According to Credit Canada, the average consumer debt for a two-person household in this country is more than $41,000, excluding mortgages.

When you’re in debt, it may be tempting to use your credit card more often or take out a loan. However, short-term money options may worsen your financial situation. Avoid these eight money traps to stay out of debt!

  1. Payday loans may get you through to your next payday, but these loans carry high-interest rates and hidden fees. You may end up paying interest of almost 400 percent. Many borrowers fail to repay the loans on time and end up in an unending debt cycle. Read more about the predatory nature of payday loans.

  2. Credit cards are convenient when used cautiously. However, using plastic has risks such as running up debt, missing payments and incurring high interest charges when not handled correctly.

  3. Debt consolidation loans may provide an opportunity to pay off old debt if done correctly. However, some loans come at a higher interest rate than you’re currently paying. You also risk racking up new credit card debt to manage in addition to your consolidation loan payment.

  4. Unnecessary insurance is a money pit many consumers fall into. Consumers often consider insurance and extended warranties an investment but rarely see any direct benefit. For example, permanent life insurance is an expensive type of insurance many average Canadians buy but don’t need.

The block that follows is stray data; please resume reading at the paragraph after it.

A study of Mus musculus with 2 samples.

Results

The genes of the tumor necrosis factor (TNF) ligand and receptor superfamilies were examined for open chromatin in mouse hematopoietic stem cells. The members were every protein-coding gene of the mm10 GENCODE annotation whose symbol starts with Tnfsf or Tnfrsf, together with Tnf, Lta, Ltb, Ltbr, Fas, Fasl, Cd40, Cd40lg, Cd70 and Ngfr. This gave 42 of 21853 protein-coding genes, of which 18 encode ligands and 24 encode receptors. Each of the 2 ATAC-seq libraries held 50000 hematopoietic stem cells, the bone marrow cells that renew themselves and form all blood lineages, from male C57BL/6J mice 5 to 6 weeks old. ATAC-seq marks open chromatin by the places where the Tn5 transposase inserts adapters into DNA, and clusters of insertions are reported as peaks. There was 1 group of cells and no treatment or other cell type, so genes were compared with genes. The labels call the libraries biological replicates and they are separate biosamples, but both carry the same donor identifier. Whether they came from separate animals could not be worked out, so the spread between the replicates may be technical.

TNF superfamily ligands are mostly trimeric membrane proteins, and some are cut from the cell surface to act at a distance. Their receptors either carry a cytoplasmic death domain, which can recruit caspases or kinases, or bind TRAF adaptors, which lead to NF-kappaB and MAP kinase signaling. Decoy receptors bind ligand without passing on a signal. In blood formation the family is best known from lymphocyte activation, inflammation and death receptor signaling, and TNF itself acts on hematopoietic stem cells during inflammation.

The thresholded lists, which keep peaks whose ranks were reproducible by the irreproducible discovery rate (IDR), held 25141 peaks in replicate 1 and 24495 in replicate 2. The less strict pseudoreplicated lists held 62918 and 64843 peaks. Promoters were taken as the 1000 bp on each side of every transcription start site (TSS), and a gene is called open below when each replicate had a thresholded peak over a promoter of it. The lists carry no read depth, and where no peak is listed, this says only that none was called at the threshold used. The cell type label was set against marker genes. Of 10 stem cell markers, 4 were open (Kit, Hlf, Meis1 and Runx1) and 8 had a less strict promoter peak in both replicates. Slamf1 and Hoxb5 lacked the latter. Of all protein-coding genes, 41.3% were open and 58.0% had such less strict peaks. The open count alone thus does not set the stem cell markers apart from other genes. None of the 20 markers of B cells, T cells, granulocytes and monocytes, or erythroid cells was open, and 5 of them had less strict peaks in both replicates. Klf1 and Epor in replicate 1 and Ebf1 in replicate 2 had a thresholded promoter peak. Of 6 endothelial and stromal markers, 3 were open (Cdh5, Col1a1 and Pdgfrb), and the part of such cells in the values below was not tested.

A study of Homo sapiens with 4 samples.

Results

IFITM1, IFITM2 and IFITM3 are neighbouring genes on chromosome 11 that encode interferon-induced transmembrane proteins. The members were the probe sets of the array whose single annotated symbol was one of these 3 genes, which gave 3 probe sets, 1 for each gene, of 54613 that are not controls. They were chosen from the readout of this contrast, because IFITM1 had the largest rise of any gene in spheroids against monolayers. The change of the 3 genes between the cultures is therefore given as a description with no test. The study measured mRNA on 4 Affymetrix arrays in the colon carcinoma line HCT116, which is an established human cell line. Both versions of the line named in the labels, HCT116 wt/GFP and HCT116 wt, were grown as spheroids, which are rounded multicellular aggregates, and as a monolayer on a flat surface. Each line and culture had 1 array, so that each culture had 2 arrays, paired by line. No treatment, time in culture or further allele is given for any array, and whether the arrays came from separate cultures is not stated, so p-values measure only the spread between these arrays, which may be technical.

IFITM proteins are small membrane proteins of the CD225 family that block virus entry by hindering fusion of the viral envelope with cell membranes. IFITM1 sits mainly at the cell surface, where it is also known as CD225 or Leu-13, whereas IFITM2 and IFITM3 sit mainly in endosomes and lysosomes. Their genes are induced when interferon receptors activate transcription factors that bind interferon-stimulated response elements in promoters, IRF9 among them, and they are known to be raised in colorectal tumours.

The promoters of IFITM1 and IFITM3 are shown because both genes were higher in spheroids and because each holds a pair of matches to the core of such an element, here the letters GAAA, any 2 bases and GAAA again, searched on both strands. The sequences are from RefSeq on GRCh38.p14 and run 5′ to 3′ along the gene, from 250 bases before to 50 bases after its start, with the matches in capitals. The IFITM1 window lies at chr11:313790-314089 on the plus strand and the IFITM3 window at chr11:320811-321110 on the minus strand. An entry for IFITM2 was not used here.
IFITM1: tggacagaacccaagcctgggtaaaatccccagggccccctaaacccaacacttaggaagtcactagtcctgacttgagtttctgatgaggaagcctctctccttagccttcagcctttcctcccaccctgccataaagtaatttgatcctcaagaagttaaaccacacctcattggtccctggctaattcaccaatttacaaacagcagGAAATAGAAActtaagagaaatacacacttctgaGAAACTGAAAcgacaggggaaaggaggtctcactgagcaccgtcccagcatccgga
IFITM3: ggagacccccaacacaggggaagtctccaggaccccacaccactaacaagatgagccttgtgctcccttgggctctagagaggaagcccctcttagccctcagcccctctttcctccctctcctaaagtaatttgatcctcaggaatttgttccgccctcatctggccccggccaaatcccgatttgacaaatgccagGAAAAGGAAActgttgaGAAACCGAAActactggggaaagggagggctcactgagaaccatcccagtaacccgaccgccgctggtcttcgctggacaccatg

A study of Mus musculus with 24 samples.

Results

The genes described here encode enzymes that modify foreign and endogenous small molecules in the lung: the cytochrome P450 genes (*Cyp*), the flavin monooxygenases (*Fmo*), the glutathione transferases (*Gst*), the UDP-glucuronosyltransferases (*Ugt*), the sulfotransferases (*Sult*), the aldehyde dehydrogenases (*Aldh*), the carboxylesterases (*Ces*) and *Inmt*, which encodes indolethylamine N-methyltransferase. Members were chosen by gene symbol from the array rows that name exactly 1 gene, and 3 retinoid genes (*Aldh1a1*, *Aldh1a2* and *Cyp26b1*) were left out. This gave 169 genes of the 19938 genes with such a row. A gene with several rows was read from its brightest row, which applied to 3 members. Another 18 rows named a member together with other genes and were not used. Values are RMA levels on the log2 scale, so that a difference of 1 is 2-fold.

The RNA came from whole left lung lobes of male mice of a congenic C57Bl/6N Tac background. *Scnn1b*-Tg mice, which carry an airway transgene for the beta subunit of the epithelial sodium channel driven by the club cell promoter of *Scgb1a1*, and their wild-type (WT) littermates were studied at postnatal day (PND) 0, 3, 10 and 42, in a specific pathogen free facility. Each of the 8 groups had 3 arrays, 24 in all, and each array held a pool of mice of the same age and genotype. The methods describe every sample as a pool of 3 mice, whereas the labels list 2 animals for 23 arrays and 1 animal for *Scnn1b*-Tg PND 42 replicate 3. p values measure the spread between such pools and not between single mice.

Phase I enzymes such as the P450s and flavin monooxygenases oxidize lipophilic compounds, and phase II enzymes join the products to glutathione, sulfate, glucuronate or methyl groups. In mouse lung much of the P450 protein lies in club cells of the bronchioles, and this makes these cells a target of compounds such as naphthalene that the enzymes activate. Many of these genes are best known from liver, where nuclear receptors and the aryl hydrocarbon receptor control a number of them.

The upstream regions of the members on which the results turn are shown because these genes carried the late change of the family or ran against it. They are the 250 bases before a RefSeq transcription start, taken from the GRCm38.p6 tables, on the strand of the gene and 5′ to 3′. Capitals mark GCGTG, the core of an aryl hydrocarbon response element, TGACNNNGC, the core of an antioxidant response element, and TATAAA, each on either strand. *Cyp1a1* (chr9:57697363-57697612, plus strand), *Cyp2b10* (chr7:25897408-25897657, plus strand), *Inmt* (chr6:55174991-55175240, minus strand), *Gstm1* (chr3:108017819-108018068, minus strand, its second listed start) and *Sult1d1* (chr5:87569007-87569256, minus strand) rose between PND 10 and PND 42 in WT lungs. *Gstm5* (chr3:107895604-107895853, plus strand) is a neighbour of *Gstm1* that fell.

5. Adjustable-rate mortgages are high-risk because interest rates and payments may change significantly over the course of your loan.

  6. Car leases have advantages for some car owners and businesses. However, leasing instead of buying means you’ll be trapped in a cycle of monthly payments without ever owning an asset you can sell or trade.

  7. Timeshares decrease in value as soon as you buy them and are hard to sell because the market is saturated with them. Plus, like car leases, you never own the physical property but must still pay maintenance and other fees.

  8. Private student loans or lines of credit leave many graduates under a mountain of student debt, with the average Canadian student owing more than $26,000. Government student loans usually have lower interest rates than private financial institutions. Also, students should seek out available grants, scholarships and bursaries.


At D. & A. MacLeod Company Ltd., we can help you manage your debt and re-establish your credit score. Our credit counselling service can help you stay out of debt. Contact us today to book a confidential appointment with one of our licensed insolvency trustees and start your journey to financial freedom.